With smiling allies at his side, President Bush (search) has sailed through June with splashy photo opportunities to answer charges that he follows a lone-man approach to foreign policy that alienates America's friends.

The polls show Bush is unpopular overseas, but the pictures orchestrated by the White House tell another story.

Bush has teamed up with world leaders from D-Day (search) ceremonies in France to the Group of Eight (search) summit in Sea Island, Ga., to a U.S.-European Union summit in Ireland, to the NATO (search) summit here in Turkey.

Each click of the shutter captures the president smoothing relations with allies. Some "photo ops" amount to public makeup sessions with friends who have not seen eye-to-eye with Bush on policy in Iraq. But each image can help counter complaints that America has not been served well by Bush's no-nonsense style on the world stage.

Democratic rival John Kerry (search) says that for all of Bush's tough talk on Iraq, his policies have put U.S. security and credibility at risk. "I believe it will take a new president of the United States to clear the air to re-establish American credibility in the world and to be able to reach out to leaders, not just in the Middle East, but all over the world," he says.

The White House rebuts the allegations, saying that rough relations with some U.S. allies in the early days of the Iraq war were blown out of proportion. The administration, which frequently notes that 16 of 26 NATO nations are helping in Iraq and Afghanistan, says America and its allies now agree that a peaceful, democratic Iraq is in the best interest of all.

"I think the bitter differences of the war are over," Bush said in Ireland over the weekend, before the surprise handover of power to Iraqis on Monday.

NATO members gathered in Istanbul are ready to offer help to train and equip Iraqi's struggling security forces to deal with lawlessness and terrorism. The administration views this as an election-year victory for Bush, one that answers Kerry's criticism that the president has failed to enlist enough international support in Iraq.

However, former U.N. Ambassador Richard Holbrooke (search), who has been mentioned as a possible candidate for secretary of state if Kerry is elected president, said persuading NATO to help with training is hardly a victory.

Early in the war, the administration hoped more nations would send troops to Iraq. After France and Germany, for example, declined to do so and Spain, the Dominican Republic and Honduras pulled their forces out, the administration reduced its call for soldiers.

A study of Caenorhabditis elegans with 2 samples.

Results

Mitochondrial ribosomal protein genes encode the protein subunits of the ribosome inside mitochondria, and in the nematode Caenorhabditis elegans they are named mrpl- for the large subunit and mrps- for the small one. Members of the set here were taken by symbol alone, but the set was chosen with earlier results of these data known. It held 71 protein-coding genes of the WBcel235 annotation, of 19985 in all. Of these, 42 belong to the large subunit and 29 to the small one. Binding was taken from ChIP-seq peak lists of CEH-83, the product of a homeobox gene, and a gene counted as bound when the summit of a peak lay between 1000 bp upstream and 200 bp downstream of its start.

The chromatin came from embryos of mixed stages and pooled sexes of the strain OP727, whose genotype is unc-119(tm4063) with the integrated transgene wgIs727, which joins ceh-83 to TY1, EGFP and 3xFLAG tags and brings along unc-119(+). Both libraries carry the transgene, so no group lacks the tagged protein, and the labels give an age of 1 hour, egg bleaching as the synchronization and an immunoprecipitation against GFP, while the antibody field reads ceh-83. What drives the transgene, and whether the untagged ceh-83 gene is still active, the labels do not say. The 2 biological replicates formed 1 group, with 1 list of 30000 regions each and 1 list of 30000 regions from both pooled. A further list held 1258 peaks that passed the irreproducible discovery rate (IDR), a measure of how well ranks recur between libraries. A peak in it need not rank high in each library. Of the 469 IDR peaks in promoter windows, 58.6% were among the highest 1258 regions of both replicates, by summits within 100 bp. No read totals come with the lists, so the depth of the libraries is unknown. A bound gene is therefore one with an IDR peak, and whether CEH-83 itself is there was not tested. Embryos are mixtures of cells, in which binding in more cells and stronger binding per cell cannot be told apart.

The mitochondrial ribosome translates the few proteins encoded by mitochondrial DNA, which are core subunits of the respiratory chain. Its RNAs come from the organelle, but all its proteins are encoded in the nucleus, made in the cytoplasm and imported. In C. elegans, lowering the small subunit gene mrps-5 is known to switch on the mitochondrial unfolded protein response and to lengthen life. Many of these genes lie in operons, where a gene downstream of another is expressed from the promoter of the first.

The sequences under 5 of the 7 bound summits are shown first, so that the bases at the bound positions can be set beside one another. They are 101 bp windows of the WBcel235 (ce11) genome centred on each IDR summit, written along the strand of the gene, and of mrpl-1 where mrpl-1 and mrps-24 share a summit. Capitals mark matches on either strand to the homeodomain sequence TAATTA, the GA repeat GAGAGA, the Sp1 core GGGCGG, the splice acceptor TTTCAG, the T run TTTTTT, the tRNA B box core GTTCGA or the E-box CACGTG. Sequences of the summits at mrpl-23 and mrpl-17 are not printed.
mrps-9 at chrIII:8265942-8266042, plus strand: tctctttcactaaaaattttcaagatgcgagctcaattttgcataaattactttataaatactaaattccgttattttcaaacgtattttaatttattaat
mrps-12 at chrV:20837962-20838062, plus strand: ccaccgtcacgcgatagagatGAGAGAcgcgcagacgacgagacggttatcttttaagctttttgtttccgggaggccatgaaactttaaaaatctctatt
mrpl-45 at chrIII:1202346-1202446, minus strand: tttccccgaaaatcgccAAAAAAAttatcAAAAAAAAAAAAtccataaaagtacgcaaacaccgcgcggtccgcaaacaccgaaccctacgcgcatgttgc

Last week, Iraq's new prime minister issued an urgent plea not for troops, but for equipment and help in training security forces.

Bush likely will score political points at the Istanbul summit if NATO does agree to help train.

"But even if they do it, I am not prepared to say that is a success," Holbrooke said. "I am only prepared to say that (Bush and his aides) met their own, sharply lowered expectations."

A deep domestic political undercurrent runs through this NATO meeting, said Kurt Campbell, director of the international security program at the Center for Strategic and International Studies (search) in Washington.

"Traditionally, American presidents go abroad to boost their sense of power and credibility and then turn around and use that at home for domestic purposes," he said.

Recent anti-war and anti-Bush demonstrations abroad, including ones here on Sunday that attracted an estimated 40,000 people, have changed that, he said. Structuring the president's foreign events in ways that do not create domestic political liabilities is the central challenge of the Bush administration, Campbell said. Those that benefit Bush are the quick, "hit 'em" and "get out" appearances that don't remind voters of U.S. unpopularity in some countries abroad.

Bush candidly dismisses the anti-Americanism.

"I must confess that the first polls I worry about are those that are going to take place in early November of this year," he said in Ireland.

He said he cares about America's image, but isn't too concerned about his own:

"As far as my own personal standing goes, my job is to do my job. I'm going to do it the way I think is necessary. I'm going to set a vision. I will lead, and we'll just let the chips fall where they may."